The wounded warrior is now a cop — and he’ll be walking the beat on titanium legs.
Matias Ferreira, a former U.S. Marine Corps lance corporal who lost his legs below the knee when he stepped on a hidden explosive in Afghanistan in 2011, is joining a suburban New York police department.
The 28-year-old graduated Friday from the Suffolk County Police Academy on Long Island following 29 weeks of training.
The 6-foot-1 (1.9-meter), 215-pound (98-kilogram) rookie passed all the physical training and other requirements just like any other recruit, including running a mile and a half in around 11 minutes. He begins patrols next week, a department spokesman said.
“I just really want to be able to help people,” said Ferreira, who immigrated to the U.S. from Uruguay as a child. “I want to be involved in the community, and the police department definitely allows you to do that.”
Jumped off roof on to mine
Ferreira was on patrol in Afghanistan January 21, 2011, when he jumped off a roof in a compound suspected of being a Taliban outpost.
“As soon as I landed I knew something was wrong because it was like a movie almost. I heard a noise and everything went black,” he said. A bomb had gone off beneath his legs, amputating both below the knees. “I just saw blood throughout my pants.”
He was evacuated to a local hospital. Within days, he was back in the U.S. being treated for his injuries. Three months later he was wearing prosthetic legs.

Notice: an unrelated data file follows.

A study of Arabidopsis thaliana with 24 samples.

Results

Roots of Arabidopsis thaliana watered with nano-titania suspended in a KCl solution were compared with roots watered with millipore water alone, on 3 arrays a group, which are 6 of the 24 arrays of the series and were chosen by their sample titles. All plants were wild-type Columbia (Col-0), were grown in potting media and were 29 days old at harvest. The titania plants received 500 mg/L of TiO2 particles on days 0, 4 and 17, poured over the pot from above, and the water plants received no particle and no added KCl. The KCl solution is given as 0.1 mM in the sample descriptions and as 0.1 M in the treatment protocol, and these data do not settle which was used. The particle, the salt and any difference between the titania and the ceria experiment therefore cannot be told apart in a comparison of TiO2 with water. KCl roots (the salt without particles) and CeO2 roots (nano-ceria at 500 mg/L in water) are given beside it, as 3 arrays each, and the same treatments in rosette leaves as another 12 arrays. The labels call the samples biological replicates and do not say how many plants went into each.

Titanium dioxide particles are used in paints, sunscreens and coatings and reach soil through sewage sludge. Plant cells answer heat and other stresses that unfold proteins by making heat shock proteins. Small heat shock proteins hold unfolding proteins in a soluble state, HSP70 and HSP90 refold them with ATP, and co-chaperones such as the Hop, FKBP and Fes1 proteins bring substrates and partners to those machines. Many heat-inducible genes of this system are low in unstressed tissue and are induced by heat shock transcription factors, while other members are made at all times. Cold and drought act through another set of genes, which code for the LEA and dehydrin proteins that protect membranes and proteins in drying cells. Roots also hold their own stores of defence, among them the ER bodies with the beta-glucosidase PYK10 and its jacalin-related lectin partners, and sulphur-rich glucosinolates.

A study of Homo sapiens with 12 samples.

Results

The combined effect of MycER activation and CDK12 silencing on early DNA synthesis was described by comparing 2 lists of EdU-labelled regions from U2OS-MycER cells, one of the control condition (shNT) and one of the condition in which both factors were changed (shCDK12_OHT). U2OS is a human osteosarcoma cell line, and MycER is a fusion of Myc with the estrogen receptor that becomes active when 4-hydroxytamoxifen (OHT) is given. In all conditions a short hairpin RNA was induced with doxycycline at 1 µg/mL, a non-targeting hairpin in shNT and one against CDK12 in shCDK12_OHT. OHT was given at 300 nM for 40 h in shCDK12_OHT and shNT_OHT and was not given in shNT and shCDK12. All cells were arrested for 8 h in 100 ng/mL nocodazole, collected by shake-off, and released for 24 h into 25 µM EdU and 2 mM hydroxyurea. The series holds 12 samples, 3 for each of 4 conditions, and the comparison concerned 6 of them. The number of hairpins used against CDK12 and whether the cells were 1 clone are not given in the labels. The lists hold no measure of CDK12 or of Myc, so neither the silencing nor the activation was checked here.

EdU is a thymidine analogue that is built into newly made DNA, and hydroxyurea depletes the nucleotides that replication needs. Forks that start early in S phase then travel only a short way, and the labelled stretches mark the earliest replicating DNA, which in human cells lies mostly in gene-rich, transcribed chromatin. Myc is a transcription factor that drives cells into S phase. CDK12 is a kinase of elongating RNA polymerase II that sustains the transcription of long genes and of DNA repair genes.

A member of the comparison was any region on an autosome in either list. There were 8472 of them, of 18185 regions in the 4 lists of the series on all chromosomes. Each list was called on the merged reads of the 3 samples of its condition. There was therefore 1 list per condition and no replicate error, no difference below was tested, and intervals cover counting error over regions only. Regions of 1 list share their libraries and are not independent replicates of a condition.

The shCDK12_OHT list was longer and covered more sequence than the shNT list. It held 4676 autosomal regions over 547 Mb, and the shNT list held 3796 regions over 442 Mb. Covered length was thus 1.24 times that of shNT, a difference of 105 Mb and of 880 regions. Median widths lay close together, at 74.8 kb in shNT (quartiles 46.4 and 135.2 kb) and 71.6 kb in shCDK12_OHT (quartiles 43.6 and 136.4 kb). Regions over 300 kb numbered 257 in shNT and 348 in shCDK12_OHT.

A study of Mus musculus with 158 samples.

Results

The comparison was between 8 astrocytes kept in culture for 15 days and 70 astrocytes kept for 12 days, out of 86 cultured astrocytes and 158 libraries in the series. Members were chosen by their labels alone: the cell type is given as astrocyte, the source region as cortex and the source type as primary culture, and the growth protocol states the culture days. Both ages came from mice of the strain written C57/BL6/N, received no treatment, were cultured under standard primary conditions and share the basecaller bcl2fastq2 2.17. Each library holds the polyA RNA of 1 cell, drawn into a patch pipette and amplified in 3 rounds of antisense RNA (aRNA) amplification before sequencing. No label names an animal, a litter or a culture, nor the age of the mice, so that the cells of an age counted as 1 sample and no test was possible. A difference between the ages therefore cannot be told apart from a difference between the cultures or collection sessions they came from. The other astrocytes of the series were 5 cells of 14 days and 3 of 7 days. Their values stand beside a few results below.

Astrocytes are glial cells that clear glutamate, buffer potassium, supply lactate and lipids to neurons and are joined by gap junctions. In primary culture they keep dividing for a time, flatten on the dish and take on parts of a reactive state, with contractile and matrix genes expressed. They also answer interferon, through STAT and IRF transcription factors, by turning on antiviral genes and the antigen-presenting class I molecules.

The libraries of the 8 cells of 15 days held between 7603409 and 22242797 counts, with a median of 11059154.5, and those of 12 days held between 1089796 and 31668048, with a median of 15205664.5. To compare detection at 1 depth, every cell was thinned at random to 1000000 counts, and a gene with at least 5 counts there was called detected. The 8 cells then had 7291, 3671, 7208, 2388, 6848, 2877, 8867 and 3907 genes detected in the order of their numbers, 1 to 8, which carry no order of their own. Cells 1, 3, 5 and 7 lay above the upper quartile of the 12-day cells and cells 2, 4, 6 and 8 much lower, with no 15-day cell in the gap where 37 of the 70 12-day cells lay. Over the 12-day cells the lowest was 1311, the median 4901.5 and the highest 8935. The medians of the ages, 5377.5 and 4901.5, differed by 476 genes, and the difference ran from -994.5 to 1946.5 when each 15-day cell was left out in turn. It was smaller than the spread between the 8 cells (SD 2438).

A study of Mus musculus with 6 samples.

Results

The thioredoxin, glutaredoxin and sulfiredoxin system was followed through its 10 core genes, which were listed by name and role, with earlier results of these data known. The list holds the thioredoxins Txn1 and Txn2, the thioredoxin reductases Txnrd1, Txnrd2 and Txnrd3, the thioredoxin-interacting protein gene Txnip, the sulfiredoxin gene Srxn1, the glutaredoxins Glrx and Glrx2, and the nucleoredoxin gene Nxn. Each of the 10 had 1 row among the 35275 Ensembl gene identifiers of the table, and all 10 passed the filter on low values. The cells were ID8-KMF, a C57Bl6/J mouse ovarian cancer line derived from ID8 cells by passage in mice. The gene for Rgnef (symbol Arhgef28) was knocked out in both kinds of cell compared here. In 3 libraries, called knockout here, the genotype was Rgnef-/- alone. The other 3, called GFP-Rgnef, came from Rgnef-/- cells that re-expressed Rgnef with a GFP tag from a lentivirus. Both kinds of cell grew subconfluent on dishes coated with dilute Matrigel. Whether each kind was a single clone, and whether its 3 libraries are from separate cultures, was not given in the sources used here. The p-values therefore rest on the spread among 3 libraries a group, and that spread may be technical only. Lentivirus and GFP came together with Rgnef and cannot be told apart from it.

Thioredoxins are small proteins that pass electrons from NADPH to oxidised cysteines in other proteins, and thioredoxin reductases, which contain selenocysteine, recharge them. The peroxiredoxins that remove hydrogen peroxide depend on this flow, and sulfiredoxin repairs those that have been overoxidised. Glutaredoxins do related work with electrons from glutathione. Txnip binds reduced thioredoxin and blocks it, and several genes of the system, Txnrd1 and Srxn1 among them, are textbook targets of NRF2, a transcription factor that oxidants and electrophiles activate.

“I was up and walking in prosthetics and really just starting my new life,” he said.
New life, new activities
That new life has included many activities he had never tried before the explosion. He has played on a softball team of wounded warriors. He skydives, scuba dives, snowboards and rides a motorcycle.
Raised in Georgia, he met his future wife, Tiffany, when his softball team played a game on Long Island in 2012. The couple now has a 2-year-old daughter.
After working as a steamfitter, welding while hanging off bridges and overpasses, Ferreira decided to take the exam to become a police officer. He scored a perfect 100, and his fellow recruits later elected him class president.
“He has served this great country with outstanding distinction, and will now serve and protect the residents of Suffolk County,” Police Commissioner Timothy Sini said in a statement.
Ferreira acknowledges the job will bring challenges, but approaches his new career with a sense of humor. He said he was once asked during academy training whether he has concerns about injuries.
“If I break my leg, I go in the trunk and put on a different one and I keep on going,” he said.
He lives by the motto that “life without limbs is limitless.”
“The only disability we have is the ones that we make,” he said.